I never knew quite what to call myself: someone who is essentially a bohemian nomad, albeit one with luxurious taste.  I’m a Gypsetter!

I’ve always loved to pick up and leave for exotic places, staying for months and sometimes years. When my son was 18 months old,  we sold nearly everything we owned and headed for the tropical shores of Bali. As close to utopia as is available, the island is still one of my most favorite places on the planet. We were taken in by a 30-something family of Balinese who loved us like their own. My son was indeed raised by a village.  I wrote, surfed and started a jewelry designing business. Our method of transportation was motorcycle: I’d wrap my son around me with a sarong and off we’d go to climb volcanoes and visit sacred temples. We dined on mangoes and papaya from our backyard and fresh fish.


– My son making friends in Bali.

I’ve been Gypsetting for over fifteen years, having lived in a thatched roof hut bungalow in Indonesia, a tent in Byron Bay, Australia, and a floathouse in Tofino, to highlight a few. These locales are other-worldly beautiful and offer a haven from modern, urban life.  They feature a nomadic populace of other Gypsetters  – intellectuals, eccentrics, and artists who are seeking an alternative lifestyle of their own making. I’ve met some of my best friends in these places.

Gypsetting is about thriving on the search for new living paradigms. In the book, Chaplin tells of the Mignot family and their trans-continental/trans-oceanic adventures:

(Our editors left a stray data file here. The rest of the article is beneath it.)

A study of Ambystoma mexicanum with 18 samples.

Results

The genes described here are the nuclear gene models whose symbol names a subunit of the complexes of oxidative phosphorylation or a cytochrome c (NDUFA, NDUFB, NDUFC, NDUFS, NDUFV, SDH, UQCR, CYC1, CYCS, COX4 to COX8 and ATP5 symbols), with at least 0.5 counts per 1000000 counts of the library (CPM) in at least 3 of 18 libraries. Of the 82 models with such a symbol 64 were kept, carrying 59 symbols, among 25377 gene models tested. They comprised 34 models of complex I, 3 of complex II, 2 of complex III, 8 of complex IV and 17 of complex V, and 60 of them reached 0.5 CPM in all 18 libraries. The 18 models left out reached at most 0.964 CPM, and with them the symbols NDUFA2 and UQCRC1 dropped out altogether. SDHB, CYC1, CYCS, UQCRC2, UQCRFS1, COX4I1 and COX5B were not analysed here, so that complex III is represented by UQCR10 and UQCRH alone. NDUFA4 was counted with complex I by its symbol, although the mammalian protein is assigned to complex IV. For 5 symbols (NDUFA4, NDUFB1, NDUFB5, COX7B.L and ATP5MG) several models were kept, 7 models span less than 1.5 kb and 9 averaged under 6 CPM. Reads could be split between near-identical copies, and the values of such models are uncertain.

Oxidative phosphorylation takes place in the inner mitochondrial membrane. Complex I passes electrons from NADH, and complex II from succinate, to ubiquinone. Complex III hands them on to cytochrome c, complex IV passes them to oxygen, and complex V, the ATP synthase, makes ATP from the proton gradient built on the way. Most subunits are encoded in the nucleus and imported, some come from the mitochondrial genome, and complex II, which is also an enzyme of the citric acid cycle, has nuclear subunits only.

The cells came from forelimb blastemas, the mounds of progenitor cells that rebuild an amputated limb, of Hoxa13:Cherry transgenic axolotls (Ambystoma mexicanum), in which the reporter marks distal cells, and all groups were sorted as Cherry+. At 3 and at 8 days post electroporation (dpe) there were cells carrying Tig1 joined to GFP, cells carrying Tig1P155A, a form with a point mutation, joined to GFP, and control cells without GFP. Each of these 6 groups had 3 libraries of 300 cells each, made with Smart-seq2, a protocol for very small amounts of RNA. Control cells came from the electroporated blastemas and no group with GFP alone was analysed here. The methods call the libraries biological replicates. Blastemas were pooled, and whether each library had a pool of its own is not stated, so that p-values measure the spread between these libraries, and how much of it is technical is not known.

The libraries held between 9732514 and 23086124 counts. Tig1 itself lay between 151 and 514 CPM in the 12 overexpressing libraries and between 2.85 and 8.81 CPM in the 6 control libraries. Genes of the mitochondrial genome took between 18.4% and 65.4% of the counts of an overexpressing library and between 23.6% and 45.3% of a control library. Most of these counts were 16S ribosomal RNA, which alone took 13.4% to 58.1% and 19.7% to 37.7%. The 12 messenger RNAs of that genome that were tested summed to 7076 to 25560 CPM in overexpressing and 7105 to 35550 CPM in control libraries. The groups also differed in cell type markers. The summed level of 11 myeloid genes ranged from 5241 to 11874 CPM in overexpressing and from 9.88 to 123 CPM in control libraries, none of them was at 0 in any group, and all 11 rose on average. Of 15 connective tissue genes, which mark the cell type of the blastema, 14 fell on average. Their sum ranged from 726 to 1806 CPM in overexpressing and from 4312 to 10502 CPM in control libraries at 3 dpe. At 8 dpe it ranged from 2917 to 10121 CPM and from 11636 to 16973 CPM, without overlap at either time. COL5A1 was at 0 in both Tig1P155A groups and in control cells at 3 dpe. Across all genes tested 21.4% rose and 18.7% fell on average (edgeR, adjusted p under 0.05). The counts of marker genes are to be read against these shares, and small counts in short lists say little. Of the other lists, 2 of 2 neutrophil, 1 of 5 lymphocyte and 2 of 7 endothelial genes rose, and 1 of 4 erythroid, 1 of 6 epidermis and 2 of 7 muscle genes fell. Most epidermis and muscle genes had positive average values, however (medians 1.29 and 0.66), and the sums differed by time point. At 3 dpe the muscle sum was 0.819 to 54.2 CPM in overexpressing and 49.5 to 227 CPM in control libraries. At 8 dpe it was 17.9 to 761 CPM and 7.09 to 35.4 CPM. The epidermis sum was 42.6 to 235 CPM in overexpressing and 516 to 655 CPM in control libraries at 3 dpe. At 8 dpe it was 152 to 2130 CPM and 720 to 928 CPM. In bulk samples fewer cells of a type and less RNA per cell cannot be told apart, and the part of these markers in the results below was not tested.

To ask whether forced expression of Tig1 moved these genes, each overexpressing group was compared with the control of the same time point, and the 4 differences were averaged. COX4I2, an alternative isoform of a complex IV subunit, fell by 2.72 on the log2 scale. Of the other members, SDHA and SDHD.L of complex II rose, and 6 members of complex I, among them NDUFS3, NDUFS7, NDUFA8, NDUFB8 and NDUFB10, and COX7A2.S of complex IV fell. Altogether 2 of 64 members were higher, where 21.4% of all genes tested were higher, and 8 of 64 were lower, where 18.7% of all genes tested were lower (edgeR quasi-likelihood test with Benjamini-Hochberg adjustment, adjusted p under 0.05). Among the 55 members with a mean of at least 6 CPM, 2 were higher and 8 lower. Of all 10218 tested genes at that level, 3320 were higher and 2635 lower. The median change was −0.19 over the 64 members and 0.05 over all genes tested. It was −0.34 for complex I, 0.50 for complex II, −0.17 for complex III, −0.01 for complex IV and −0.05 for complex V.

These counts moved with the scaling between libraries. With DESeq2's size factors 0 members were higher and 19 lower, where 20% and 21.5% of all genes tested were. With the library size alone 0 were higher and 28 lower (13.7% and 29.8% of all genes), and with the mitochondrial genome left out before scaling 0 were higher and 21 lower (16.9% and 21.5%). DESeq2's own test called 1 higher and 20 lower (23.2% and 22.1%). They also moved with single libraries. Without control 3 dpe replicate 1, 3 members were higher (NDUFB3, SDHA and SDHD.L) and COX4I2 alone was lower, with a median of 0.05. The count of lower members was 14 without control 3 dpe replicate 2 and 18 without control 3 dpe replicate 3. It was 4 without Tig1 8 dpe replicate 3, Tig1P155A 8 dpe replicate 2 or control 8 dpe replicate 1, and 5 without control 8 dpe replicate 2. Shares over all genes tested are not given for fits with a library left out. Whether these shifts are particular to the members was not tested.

“The whole family has serious Gypset credibility. They are nine brothers and sisters. Some were born in France and others in Africa. Their parents, Marie-Vonna and Gerard, raised the family in Europe, Canada and the Caribbean, eventually settling in Saint Barts before it became overrun with private jets and real estate tycoons.

At some point, the kids decided it would be a grand adventure to buy a seventy-five-foot wooden boat, paint it the Rasta colors of red, gold and green, and sail around the world. For the next decade they did just that, coming ashore for months at a time in little villages and remote patches of sand in Columbia, Venezuela, Costa Rica and Panama. Along the way, the Mignots accumulated girlfriends, boyfriends, and several kids, so they expanded their bohemian navy to three sailboats, becoming a sort of nautical Gypsy caravan cruising the oceans in search of good surf and secluded beaches.”

In all of these stories, it’s about creating your reality and populating it with scenery and characters who are glamorous by way of their boldness, individuality and artfulness.

To me, that’s the ultimate in freedom.